U.S. Attorney General Jeff Sessions to visit Indianapolis Monday, meet with Ten Point Coalition

INDIANAPOLIS, Ind. – U.S. Attorney General Jeff Sessions will visit Indianapolis Monday to meet with the Ten Point Coalition.

Sessions’ trip comes at the invitation of Indiana Attorney General Curtis Hill, who asked him to visit Indianapolis to learn more about the Ten Point Coalition’s crime reduction strategy.

Sessions, Hill and the Rev. Charles Harrison are expected to meet Monday at Barnes United Methodist, Harrison’s home church. They’ll discuss the possibility of using the group’s model to reduce youth violence on a national level.

“He’s coming here because we’ve demonstrated that we have a program that can be a model that can oppose violence everywhere,” Hill told FOX59.

Some will criticize Session’s visit, given his position in the Donald Trump administration. Accusations of racism have dogged him since the 1980s, derailing his nomination for a federal judgeship. Harrison, who has lost family members to violence, said such political considerations must be pushed aside.

“We cannot allow politics to get in the way,” Harrison said. “Because when you do, you say to me and my family, you don’t care about my brother, my nephew and my cousins who have been killed. And millions of black families are going through what my family has gone through.”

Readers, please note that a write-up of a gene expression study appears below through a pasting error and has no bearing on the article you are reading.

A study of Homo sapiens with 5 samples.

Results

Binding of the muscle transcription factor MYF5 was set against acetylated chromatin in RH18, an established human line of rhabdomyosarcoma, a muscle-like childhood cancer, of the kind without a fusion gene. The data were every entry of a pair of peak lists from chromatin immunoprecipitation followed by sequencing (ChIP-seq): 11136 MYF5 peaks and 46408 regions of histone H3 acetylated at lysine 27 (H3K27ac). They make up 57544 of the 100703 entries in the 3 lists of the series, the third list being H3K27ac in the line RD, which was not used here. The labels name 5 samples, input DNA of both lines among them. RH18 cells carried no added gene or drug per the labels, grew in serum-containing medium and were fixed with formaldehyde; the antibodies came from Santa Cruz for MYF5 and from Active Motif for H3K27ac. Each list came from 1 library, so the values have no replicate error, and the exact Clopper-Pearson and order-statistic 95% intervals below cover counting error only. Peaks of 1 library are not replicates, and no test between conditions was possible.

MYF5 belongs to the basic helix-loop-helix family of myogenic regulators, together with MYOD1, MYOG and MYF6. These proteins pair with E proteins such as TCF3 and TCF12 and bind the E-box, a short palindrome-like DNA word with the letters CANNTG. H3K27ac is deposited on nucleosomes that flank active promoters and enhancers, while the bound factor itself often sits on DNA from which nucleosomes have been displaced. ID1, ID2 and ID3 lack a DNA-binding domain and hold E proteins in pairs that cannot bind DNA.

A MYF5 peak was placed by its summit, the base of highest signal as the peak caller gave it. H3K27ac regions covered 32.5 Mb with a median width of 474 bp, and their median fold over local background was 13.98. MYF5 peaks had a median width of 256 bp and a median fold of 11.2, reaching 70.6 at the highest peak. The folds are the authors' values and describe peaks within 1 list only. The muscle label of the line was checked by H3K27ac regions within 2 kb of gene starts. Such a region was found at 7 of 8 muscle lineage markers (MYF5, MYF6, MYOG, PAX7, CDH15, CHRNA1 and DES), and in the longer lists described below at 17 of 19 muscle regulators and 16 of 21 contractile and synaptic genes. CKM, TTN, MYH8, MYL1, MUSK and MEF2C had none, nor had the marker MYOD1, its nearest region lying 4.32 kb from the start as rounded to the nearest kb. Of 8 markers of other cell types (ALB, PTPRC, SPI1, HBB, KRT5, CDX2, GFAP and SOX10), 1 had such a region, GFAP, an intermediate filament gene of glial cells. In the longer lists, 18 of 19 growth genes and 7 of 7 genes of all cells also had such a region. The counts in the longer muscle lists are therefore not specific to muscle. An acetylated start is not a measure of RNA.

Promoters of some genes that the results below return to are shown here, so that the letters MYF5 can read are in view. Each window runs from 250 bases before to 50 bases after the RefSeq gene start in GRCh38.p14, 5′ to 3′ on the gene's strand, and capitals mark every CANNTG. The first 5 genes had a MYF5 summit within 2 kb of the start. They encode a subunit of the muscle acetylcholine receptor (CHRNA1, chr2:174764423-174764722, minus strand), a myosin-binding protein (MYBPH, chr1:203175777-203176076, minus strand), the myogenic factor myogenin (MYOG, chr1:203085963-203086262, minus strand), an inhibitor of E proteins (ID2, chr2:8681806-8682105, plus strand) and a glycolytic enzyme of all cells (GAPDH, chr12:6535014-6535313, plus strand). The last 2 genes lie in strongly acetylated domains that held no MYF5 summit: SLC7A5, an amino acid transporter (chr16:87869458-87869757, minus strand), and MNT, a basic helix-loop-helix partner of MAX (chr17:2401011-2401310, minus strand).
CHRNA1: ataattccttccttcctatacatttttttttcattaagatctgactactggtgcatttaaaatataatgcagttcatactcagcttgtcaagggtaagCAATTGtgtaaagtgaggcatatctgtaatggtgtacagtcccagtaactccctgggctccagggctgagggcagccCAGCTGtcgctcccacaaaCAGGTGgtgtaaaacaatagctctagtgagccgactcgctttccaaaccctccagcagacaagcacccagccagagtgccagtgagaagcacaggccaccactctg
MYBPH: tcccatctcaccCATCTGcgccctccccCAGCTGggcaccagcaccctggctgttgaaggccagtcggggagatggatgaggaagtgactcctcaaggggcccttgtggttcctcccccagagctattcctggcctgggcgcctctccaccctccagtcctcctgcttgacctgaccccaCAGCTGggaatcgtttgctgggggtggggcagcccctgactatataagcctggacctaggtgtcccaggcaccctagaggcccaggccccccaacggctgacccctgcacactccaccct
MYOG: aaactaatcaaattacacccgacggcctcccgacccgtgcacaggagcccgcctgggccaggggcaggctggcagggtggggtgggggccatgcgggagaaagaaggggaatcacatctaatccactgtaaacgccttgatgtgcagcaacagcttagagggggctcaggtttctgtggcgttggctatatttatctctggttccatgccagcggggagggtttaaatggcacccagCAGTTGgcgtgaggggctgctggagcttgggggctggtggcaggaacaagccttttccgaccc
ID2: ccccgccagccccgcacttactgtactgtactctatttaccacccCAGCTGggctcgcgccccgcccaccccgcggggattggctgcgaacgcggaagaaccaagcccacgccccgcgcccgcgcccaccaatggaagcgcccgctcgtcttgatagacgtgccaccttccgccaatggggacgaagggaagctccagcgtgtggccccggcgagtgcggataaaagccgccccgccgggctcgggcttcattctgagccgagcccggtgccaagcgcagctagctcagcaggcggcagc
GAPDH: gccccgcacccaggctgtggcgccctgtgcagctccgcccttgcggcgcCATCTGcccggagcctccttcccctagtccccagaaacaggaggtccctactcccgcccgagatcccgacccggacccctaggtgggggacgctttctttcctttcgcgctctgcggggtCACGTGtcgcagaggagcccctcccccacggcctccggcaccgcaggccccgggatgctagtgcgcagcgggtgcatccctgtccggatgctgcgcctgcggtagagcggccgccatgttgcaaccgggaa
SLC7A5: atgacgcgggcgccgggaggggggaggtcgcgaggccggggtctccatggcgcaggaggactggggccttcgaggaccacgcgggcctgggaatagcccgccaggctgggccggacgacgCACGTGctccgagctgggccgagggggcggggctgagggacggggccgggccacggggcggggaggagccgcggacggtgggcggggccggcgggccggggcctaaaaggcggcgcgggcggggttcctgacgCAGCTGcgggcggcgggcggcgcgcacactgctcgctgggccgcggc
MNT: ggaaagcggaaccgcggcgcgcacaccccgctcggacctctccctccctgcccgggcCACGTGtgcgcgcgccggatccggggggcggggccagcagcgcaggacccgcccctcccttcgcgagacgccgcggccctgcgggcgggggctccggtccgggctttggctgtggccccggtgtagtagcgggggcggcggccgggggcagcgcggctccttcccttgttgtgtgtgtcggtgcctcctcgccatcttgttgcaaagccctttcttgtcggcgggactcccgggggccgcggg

Hill said Sessions has had a “solid career” as a prosecuting attorney, attorney general in Alabama, and U.S. senator before becoming U.S. attorney general.

“I think his history addresses that he has been supportive of all people,” Hill said. “Certainly in my personal interactions with him, I have seen that.”

Harrison pointed to successes in Butler Tarkington, Highland, Crown Hill and the United Northwest areas, which have seen sharp declines in homicides.

“It’s doesn’t matter who it is on the other side,” Harrison said. “If he’s willing to lock arms with us and help address this epidemic that we’ve seen for the last 40 years, it makes no sense for us not to work with him to help heal our community and save the lives of thousands of young people who are dying every year.”